SEOUL, South Korea — South Korea’s President Moon Jae-in urged North Korea to take firmer disarmament measures and the U.S. to reward them, suggesting Thursday he’ll push for sanction exemptions to restart dormant economic cooperation projects with the North.
Some experts say the sanctions relief, if pursued before South Korea’s ally Washington is ready, could weaken ties with the United States and complicate efforts to rid the North of its nuclear weapons. But others say Moon simply made a symbolic, conciliatory gesture toward North Korea.
Moon spoke only days after North Korean leader Kim Jong Un said in a New Year’s Day address that he was ready to resume the two major stalled inter-Korean projects. Kim also said he’ll be compelled to take a different path if the United States keeps pressing for unilateral sanctions against the North as well as maintaining broader U.N. sanctions.
The two projects are South Korean tours to the North’s scenic Diamond Mountain and a jointly run factory complex in the North Korean border town of Kaesong. They were suspended in the past decade along with other similar projects amid the standoff over North Korea’s nuclear program. The two projects were considered key sources for badly needed foreign currency for the impoverished North.
“We welcome North Korea’s intention to resume their operation without conditions or compensation,” Moon said. “My administration will cooperate with the international community, including the United States, to resolve the remaining issues such as international sanctions as soon as possible.”
Moon said resolving the issue of the North Korea sanctions hinges on how fast North Korea denuclearizes and whether it receives reciprocal measures from the United States. He said those would top the agenda in an expected second summit between Kim and President Donald Trump.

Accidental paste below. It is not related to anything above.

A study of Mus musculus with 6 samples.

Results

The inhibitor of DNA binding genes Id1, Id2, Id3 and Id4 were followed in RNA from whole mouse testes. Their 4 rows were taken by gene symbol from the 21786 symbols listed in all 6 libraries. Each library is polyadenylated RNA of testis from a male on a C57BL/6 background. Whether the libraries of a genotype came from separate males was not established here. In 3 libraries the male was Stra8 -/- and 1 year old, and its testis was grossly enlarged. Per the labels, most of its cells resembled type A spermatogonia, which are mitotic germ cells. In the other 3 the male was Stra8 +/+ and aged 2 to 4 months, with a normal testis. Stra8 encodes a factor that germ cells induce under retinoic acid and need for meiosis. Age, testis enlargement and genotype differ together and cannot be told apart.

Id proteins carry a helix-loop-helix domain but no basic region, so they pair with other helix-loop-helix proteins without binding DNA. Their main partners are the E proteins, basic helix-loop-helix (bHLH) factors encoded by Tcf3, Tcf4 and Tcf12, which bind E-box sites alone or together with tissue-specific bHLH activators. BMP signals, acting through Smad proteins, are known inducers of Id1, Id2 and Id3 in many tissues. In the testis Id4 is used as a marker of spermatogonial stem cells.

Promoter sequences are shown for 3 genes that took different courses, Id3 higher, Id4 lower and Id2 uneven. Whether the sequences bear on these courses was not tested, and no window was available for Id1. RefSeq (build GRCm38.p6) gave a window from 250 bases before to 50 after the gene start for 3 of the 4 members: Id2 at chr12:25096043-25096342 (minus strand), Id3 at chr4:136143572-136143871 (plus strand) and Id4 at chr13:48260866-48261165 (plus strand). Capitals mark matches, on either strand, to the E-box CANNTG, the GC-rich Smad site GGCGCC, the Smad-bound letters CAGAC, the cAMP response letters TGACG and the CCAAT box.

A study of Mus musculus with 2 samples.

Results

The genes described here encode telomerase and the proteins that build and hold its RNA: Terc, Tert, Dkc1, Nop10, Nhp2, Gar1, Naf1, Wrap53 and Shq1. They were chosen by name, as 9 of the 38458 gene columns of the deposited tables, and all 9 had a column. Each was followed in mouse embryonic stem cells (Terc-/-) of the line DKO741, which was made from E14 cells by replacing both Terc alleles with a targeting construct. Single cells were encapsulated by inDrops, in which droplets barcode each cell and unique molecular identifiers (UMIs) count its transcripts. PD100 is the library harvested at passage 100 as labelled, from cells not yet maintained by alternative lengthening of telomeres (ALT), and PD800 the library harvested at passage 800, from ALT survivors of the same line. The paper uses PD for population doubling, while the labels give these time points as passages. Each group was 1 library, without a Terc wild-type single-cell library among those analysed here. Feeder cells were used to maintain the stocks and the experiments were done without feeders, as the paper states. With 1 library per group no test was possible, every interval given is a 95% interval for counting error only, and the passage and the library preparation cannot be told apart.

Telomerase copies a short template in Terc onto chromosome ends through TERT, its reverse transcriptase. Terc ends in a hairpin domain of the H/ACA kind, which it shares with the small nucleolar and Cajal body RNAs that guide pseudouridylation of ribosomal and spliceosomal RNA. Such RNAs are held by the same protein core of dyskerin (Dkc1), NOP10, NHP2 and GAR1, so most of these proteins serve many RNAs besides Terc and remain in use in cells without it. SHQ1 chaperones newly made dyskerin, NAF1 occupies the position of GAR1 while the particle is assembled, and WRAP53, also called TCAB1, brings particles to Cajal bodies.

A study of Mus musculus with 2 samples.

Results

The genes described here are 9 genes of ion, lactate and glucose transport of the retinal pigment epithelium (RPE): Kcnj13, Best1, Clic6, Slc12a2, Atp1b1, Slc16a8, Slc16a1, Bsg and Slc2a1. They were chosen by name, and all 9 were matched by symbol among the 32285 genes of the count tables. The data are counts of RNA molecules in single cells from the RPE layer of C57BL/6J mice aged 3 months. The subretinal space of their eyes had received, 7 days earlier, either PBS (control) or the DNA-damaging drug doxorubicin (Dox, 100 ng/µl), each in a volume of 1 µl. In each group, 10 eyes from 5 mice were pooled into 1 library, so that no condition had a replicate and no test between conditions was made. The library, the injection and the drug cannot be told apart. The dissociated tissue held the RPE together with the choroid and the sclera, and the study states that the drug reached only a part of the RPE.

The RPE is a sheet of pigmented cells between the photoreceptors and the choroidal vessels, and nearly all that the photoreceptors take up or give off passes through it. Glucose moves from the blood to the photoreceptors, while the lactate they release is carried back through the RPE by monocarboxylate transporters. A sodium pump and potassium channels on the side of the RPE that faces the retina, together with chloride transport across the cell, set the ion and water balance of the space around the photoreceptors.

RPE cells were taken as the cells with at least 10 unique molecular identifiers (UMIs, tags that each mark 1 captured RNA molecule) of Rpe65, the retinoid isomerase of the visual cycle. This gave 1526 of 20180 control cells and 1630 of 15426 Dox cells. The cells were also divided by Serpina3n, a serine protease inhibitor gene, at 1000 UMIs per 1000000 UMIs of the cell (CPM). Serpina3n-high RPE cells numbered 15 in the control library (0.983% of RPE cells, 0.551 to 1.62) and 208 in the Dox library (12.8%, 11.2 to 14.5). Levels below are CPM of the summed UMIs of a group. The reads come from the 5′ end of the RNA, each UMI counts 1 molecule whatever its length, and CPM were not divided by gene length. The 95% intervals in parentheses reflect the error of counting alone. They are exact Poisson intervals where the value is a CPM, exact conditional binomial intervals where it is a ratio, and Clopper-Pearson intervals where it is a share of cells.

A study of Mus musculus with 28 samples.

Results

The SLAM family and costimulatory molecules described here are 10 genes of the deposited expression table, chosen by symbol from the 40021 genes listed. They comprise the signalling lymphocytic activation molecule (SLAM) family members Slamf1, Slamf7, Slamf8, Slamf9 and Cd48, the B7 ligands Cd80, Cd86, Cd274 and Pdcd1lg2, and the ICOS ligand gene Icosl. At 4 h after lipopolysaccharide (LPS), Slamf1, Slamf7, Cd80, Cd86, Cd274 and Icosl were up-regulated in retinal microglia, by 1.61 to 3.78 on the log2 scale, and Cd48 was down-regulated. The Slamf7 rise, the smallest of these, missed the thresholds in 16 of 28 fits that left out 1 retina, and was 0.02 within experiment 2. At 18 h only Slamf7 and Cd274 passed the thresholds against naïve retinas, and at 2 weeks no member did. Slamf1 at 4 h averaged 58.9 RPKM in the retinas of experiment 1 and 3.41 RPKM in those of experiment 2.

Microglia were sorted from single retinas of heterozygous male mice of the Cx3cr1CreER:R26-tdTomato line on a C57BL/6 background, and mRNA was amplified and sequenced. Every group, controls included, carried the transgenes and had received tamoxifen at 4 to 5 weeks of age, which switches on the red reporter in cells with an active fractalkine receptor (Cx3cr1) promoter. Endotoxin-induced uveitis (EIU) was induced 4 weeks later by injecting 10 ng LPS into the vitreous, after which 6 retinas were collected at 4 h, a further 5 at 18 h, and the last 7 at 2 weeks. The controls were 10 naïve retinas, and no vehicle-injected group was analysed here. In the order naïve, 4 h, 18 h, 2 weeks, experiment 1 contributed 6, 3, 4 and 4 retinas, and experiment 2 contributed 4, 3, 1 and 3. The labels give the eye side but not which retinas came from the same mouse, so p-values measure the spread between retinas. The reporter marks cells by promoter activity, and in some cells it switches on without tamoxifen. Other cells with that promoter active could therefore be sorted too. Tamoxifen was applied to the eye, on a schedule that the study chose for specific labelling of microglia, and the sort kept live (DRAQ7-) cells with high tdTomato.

“North Korea knows it needs (to take) clear denuclearization steps to see international sanctions lifted and the United States also realizes that reciprocal measures are needed to match these North Korean denuclearization steps,” Moon said.
Moon, a liberal who took office in 2017, has shuttled between North Korea and the United States to facilitate high-profile nuclear diplomacy including the Kim-Trump summit in Singapore last June. Moon’s overture, however, has invited criticism from conservatives in South Korea and the United States that he’s making too many concessions and helping the North weaken U.S.-led sanctions. Trump has maintained sanctions on North Korea until it completely abandons its nuclear program.
Moon spoke soon after Kim headed back to Pyongyang after a four-day trip to Beijing that included a summit with Chinese President Xi Jinping. Chinese and North Korean state media reported earlier Thursday that Kim told Xi that he’s committed to setting up a second summit with Trump to “achieve results” on the nuclear standoff on the Korean Peninsula.
“In a word, Chairman Kim Jong Un’s visit to China is an indication that the second North Korea-U.S. summit is drawing near,” Moon said.
He said that the second summit, and a return visit to Seoul by Kim, “will be other turning points that will firmly solidify peace on the Korean Peninsula.”
“We will not loosen our guard until the promise to denuclearize the peninsula is kept and peace is fully institutionalized,” Moon said.